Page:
Many Alaskans remember Sister Arlene Boyd as one of the Sisters of Mercy invited to Anchorage from New York by the first Archbishop of Anchorage, Joseph Ryan.
Archbishop Ryan asked the Mercy Sisters to do a Catholic survey in the new archdiocese. So, willing to get their habits dirty in the nitty-gritty work of the church, the sisters went door to door, trudging through the snow and slush, doing a Catholic census.
A leader in Catholic religious education in Anchorage, Sister Arlene was a highly intelligent woman who had once commanded the strict attention of 50 first graders in her early ministry in New York.
As a catechist at McLaughlin Youth Center in Anchorage, she’d been touched by how many young women were in need of a true home. So, in her Spirit-filled way, she opened one: the now defunct McAuley Manor, a residence for girls. Sadly, Sister Arlene died too young.
But her suggestion that we pray with the daily readings of the church has lived on with me, a habit which guides me through the liturgical seasons.
And so, I think of Pentecost, (June 4) and another Spirit-filled New Yorker, Dorothy Day.
Pentecost is an exciting feast, what with that mighty wind and those flames of fire. It’s the Church’s birthday, when a roomful of disciples who had locked themselves in out of fear were suddenly emboldened to go out and preach to a city full of strangers.
Maybe in our own life, and in the lives of people like Sister Arlene and Dorothy Day, the Spirit is a little less showy than it was the day it descended upon the original disciples, but it is just as powerful.
Dorothy once wrote about how the Catholic worker came about. Her mentor was a man named Peter Maurin; he was the intellectual counterpart to Dorothy’s activism.
She writes, “We were just sitting there talking when Peter Maurin came in … We were just sitting there talking when lines of people began to form, saying ‘We need bread.’”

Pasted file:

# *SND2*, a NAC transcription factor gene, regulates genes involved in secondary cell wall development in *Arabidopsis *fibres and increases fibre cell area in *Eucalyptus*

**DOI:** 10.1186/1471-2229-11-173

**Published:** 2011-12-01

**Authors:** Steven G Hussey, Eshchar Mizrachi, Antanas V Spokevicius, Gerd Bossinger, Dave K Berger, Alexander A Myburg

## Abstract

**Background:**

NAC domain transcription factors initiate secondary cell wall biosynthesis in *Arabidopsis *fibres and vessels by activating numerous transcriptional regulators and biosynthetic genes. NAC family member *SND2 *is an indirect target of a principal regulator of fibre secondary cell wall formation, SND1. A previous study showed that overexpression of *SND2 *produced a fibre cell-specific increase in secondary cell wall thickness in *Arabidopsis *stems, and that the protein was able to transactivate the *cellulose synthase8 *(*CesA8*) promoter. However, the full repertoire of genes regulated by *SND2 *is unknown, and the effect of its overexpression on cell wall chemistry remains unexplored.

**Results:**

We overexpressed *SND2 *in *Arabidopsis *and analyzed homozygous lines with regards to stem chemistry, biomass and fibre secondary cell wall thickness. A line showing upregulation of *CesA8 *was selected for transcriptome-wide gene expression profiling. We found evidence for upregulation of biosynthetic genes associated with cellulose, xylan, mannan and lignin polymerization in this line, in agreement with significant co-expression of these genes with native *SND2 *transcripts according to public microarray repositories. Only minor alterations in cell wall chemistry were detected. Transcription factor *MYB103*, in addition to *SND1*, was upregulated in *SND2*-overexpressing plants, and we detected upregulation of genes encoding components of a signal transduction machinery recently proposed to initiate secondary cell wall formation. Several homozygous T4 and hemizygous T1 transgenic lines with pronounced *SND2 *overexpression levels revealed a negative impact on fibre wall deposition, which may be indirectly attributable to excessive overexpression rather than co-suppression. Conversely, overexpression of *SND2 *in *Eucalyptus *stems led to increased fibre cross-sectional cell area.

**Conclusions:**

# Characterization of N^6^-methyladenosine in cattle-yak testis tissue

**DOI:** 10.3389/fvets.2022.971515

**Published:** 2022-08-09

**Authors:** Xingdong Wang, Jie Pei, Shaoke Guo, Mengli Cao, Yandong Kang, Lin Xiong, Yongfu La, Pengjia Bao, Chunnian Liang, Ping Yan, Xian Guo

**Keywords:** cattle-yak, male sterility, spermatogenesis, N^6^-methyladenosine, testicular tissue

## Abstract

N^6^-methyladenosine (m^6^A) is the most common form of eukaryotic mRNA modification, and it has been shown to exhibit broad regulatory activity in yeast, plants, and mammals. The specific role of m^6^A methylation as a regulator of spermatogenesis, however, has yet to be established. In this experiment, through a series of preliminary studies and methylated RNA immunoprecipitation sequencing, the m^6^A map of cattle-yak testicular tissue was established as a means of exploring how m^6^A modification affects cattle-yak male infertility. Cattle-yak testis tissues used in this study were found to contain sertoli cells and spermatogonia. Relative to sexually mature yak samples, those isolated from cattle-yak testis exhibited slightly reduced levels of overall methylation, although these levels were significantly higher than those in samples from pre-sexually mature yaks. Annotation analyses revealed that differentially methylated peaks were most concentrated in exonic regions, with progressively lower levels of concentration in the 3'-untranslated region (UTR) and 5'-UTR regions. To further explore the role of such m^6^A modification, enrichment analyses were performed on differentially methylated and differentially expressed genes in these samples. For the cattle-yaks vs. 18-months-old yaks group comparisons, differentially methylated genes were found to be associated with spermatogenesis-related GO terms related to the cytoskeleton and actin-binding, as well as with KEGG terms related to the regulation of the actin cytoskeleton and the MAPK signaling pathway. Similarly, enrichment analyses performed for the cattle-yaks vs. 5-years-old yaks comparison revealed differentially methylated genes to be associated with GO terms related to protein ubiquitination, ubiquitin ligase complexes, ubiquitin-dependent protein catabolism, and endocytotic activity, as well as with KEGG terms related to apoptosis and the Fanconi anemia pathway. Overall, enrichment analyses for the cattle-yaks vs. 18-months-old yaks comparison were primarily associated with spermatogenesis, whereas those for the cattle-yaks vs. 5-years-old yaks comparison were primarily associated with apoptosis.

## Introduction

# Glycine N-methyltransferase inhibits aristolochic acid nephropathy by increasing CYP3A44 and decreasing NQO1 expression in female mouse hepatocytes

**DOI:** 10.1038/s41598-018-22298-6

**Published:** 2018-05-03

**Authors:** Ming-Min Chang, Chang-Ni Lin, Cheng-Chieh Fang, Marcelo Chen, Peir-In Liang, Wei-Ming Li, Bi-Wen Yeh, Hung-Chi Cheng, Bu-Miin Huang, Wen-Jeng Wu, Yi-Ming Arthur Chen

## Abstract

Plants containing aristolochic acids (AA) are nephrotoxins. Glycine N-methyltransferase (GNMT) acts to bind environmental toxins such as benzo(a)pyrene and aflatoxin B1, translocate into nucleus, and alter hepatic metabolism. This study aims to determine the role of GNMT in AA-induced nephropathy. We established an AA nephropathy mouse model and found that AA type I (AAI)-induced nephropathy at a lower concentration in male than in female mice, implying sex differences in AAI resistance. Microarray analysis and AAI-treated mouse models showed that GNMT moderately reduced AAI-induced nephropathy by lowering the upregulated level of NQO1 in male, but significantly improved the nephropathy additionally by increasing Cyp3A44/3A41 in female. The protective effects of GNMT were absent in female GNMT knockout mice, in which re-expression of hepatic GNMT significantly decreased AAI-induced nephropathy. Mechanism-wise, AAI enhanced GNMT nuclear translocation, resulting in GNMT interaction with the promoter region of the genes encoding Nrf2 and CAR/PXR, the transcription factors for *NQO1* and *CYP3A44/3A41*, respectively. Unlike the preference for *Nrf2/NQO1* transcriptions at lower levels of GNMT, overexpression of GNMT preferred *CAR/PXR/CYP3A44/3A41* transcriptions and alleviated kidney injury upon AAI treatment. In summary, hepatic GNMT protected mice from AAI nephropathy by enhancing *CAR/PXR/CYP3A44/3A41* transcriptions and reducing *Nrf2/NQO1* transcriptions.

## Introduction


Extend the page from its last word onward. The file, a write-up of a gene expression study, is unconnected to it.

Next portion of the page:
She repeats this line several times, until it takes on a poetic cadence: “We were just sitting there talking…” and amazing things began to happen.
So I think about those disciples, locked in their fear. But they had what Day, and Sister Arlene, had — community. They had an experience of the Lord, whom they had met in the breaking of the bread. They were frightened, but ready to do what needed to be done.
In that room, the disciples were probably just sitting there talking when the Spirit of God came upon them.
Day writes: “We cannot love God unless we love each other. We know him in the breaking of the bread, and we are not alone anymore … We have all known the long loneliness and we have learned that the only solution is love and that love comes with community.”
Women like Day and Sister Arlene knew the long loneliness, just as the disciples huddled together in fear experienced it. But they also knew the power of community and of listening to the Spirit.
Next time a strong wind blows through your neighborhood, think about that.
The writer is formerly from Anchorage. She now lives in Omaha, Neb.